Last updated: October 15 2008
Excerpted from EverGreen Explanatory Notes, an online reference published by The Knowledge Bureau. Permission to reprint required.
Although the Income Tax Act does not specifically address the issue, it is possible for spouses to arrange to transfer accrued but unrealized capital losses between them. This strategy is advantageous where one spouse is about to realize a capital loss but has no capital gains ó either currently or in the three-year carry back period ó to offset the loss against, but where the other has such gains.
This strategy is based on the following framework:
Taken together, these provisions give rise to the following strategy for transferring capital losses between spouses.
Example: Transferring Capital Losses Between Spouses
Issue: Judy holds marketable securities with an unrealized loss of $25,000. She acquired them a couple of years ago for $60,000. She has no capital gains accrued on other property, nor did she realize capital gains in the current or prior three years to use the loss against. Her husband, Steve, though, has the potential to report $100,000 in unrealized capital gains this year.
Judy transfers the securities to her husband in return for a promissory note in the amount of $35,000, the fair market value of the funds. Normally, this transfer would be deemed to occur at $60,000, the adjusted cost base of the securities. However, Judy files an election under S.73(1) with her income tax return, in which she elects not to have that subsection apply. Accordingly, she accounts for the disposition at fair market value, and realizes a capital loss of $25,000.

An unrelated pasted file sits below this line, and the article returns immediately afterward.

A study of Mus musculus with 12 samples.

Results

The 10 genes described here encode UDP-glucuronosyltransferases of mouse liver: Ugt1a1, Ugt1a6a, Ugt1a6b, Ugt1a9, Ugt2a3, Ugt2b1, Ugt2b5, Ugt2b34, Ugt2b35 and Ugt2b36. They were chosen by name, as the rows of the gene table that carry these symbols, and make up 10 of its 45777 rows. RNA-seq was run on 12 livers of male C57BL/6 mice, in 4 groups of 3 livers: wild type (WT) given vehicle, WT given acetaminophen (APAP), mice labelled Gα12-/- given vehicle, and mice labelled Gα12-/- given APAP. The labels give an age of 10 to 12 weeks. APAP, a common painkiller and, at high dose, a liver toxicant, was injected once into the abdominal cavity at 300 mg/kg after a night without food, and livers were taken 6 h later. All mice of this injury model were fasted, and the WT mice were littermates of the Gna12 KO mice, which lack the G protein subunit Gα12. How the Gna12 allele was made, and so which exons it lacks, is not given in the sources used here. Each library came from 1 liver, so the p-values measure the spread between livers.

What are the tax consequences of this situation and what actions must be taken by the couple in order to optimize their tax status?
Answer: The loss that Judy realizes is a superficial loss. Therefore, although Judy reports the disposition on her tax return, she adjusts the loss to nil, noting that it is a superficial loss.
The cost of the shares to Judy's husband is the $35,000 he paid. The adjusted cost base of the shares, however, is $60,000, as a superficial loss is added to the cost base of the property under S. 51(1)(f).
As Judy and her husband do not wish to have the attribution rules apply, the promissory note that Judy takes back is interest bearing. Judy and her husband are careful to calculate interest on the note as long as it is outstanding, and her husband pays her the interest before January 30 of the year following the year of the transfer.
Her husband holds the shares for at least 30 days. He must do this, in order that the loss he will realize on their disposition not be treated as a superficial loss to him.
He then sells both the shares he acquired from Judy and his property that gives rise to the capital gain. He can deduct the allowable loss on Judy's shares, $12,500, against the taxable gain on his own shares, $50,000, in computing his net income.